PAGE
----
You can spot the first mistake Willamette Week reporter James Pitkin made in the subtitle to his article: “The Anti-Protester: WW tests the limits of Portland’s tolerance by sending a reporter posed as a war supporter to last week’s antiwar rally.”
Pitkin posed as a war supporter to “see what happens to those who don’t parrot the popular line” in “a town that claims to believe in free speech.” That was his second mistake.
First off, being willing to protest the war in Iraq doesn’t make you some sort of all-welcoming, accepting lump. There are a sizable number of Iraq war veterans involved in anti-war protests across the country at this point, as well as veterans of previous wars and other eras. I don’t think they’re necessarily non-combative by nature.
Veterans (and families of dead soldiers like Casey Sheehan and Pat Tillman) aside, participating in non-violent protest doesn’t mean someone’s tolerant — I’m certainly not — or peaceful. I’m rather angry about the stupidity of people who’ve supported the war. I’d be happy to yell at an idiot like Pitkin even if he was just playing the part. Hell, I’d be happy to yell at him for playing the part.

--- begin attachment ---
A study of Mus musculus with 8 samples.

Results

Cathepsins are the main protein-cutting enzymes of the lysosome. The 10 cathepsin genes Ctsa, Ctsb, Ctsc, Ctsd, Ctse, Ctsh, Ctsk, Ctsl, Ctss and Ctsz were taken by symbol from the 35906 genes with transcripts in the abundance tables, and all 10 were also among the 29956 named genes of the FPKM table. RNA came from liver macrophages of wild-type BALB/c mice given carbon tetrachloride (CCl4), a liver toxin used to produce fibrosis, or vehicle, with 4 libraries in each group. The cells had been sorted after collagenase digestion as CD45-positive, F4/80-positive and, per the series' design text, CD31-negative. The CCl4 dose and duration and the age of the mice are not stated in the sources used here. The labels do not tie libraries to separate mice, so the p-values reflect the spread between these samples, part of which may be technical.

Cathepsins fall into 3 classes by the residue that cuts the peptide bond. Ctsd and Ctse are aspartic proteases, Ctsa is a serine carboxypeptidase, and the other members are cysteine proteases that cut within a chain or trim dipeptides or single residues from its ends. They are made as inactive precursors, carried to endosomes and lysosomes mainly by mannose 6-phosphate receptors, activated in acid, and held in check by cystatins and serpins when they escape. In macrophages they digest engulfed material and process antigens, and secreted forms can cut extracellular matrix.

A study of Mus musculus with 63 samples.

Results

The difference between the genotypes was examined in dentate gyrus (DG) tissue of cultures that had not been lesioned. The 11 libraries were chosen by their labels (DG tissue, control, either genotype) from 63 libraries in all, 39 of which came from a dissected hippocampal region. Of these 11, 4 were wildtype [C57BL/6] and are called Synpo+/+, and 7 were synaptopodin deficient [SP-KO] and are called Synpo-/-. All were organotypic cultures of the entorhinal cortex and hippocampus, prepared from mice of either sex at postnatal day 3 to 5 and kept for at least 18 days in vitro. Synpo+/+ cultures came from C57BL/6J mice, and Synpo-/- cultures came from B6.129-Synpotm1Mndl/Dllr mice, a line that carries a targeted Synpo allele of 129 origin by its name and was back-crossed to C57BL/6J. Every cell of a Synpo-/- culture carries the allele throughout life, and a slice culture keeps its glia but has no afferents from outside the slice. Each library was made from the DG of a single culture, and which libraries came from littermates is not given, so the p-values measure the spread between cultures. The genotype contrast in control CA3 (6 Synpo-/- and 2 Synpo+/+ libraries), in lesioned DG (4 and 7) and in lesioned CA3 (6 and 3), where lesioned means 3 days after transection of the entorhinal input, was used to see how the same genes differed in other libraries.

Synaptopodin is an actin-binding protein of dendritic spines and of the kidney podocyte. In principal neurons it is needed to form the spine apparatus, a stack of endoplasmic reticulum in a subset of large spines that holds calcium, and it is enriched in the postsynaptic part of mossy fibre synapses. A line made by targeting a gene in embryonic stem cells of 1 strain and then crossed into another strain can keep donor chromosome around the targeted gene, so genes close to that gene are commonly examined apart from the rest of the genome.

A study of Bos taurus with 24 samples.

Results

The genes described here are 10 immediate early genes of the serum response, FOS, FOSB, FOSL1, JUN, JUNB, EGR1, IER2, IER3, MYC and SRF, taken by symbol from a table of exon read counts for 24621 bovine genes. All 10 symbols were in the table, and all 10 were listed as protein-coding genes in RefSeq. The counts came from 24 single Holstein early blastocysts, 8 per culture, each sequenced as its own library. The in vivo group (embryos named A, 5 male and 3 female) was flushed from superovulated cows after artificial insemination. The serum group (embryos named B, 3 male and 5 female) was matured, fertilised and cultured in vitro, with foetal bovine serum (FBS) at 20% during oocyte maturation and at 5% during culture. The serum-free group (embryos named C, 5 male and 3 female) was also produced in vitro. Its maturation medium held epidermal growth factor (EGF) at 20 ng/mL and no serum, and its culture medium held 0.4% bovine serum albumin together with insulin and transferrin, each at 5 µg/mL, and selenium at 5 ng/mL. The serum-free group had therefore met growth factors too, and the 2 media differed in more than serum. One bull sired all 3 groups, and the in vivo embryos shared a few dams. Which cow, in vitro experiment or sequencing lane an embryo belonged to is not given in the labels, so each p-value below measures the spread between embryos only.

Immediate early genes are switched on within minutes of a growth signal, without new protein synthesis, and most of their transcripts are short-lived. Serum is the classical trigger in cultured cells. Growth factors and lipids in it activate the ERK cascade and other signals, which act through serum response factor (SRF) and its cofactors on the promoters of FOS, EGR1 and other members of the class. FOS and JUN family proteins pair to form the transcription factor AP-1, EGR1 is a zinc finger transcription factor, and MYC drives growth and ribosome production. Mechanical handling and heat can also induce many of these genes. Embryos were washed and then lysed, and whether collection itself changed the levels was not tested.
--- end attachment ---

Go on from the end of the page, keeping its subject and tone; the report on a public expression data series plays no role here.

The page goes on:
Because (second) Pitkin makes the same assumption as people like Rush Limbaugh that “free speech” means uncontested speech. Like Limbaugh, Pitkin assumes that he should be able to say whatever he wants, whenever he wants, to whomever he wants, without consequence. Someone arguing with them or calling them names in response to their free speech is seen not as an exercise of someone else’s free speech but as an abridgment of their own.
That’s not what free speech means, though. You’d think that a reporter would know better. Antiwar protestors certainly do. If Pitkin’s as thin-skinned as he seems to be, perhaps he should find a different line of work, although he’d fit in well with pundits on the right who can dish it out but can’t take it.
UPDATE: I do have to wonder what Pitkin — ostensibly a wordsmith of some sort — thinks the term “protest” means. In most references, it’s a synonym for dissent, complaint, objection, and disapproval. How unaware of the meaning of a common English word do you have to be to wander into a crowd of people expressing dissent and disapproval and expect them to accept you without criticism?